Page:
Twining Wrap

twining wrap

I really love how the Twining wrap turned out. The combination of texture and shapes just makes me happy! When I began designing this wrap, all I started with was the idea of a shape. I knew I wanted a triangular shawl so my task then was to figure out the best way to build the cables into that shape, allowing them to flow as seamlessly as possible.

twining wrap swatch


The shawl starts at the tip, with just a few stitches. From here the stitches, and stitch pattern grow out of the right side. This allows you to establish the pattern running along the left side and have it grow out from there. It starts with a wide x-o cable, then there are a few little twisted stitch cables before moving onto the diagonal cable. These then establish the cable panel and this can then be repeated as the shawl grows once you have enough stitches.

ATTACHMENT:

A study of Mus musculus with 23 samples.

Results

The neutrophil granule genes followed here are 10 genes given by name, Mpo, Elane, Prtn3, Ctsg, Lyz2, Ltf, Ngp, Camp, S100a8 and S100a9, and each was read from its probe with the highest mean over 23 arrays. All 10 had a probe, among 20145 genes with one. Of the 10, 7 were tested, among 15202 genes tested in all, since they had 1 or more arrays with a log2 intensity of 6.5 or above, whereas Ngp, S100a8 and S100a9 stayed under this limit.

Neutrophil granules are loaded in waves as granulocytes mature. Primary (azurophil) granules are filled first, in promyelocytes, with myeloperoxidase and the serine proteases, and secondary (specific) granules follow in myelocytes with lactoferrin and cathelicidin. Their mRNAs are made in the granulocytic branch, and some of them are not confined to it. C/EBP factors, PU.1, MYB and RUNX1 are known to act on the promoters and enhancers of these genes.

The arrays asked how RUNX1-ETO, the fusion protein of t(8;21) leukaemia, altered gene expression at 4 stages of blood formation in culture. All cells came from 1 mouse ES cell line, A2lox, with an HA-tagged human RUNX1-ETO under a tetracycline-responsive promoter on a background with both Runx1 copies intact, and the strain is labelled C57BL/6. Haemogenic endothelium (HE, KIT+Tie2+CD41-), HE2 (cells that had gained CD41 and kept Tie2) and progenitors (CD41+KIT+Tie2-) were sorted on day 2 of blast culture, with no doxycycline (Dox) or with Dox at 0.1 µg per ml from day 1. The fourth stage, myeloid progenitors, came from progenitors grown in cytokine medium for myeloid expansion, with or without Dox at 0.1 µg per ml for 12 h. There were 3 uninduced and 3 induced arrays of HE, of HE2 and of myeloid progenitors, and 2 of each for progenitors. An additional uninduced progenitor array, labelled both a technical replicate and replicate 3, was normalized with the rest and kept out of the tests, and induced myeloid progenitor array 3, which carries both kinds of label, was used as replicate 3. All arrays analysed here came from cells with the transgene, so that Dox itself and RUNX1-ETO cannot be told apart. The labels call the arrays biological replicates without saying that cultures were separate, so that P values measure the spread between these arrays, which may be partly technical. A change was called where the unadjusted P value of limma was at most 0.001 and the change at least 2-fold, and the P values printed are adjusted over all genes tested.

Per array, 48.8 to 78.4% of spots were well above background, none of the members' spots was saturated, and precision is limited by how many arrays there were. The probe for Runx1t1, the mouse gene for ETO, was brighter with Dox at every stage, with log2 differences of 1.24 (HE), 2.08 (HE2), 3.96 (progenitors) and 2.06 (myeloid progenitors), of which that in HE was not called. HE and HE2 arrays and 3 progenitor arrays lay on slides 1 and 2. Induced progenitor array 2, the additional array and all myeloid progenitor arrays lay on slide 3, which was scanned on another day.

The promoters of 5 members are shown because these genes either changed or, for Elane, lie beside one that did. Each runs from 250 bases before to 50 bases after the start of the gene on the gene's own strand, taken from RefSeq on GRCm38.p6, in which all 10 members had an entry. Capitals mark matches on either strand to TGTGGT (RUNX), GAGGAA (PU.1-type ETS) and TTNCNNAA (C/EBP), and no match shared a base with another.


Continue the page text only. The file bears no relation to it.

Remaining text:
I picked these cables as they were fairly flat cables that had texture but weren’t too thick. This means that the shawl still has a nice bit of softness to it and isn’t stiff from the cables.

One of my recent videos for Mason Dixon Knitting shows some of the increase details that you can find on the shawl and they’ve got it here on their website.

The increases on the shawl are all done as yarnovers. But to avoid creating a hole from the increase you will work the yarnover through the back loop on the next (WS) row. This allows you to either knit or purl it through the back loop depending on which stitch you need next for your cable panel to maintain the pattern. I love using yarnover increases when you are knitting something at a looser gauge that will need to be blocked well. It gives more yarn where you need it so you’ll avoid the possibility of creating a pucker or tight spot where you have that big line of increases.

If you’re working through these projects make sure you join MDK for their Refreshalong starting on May 1st!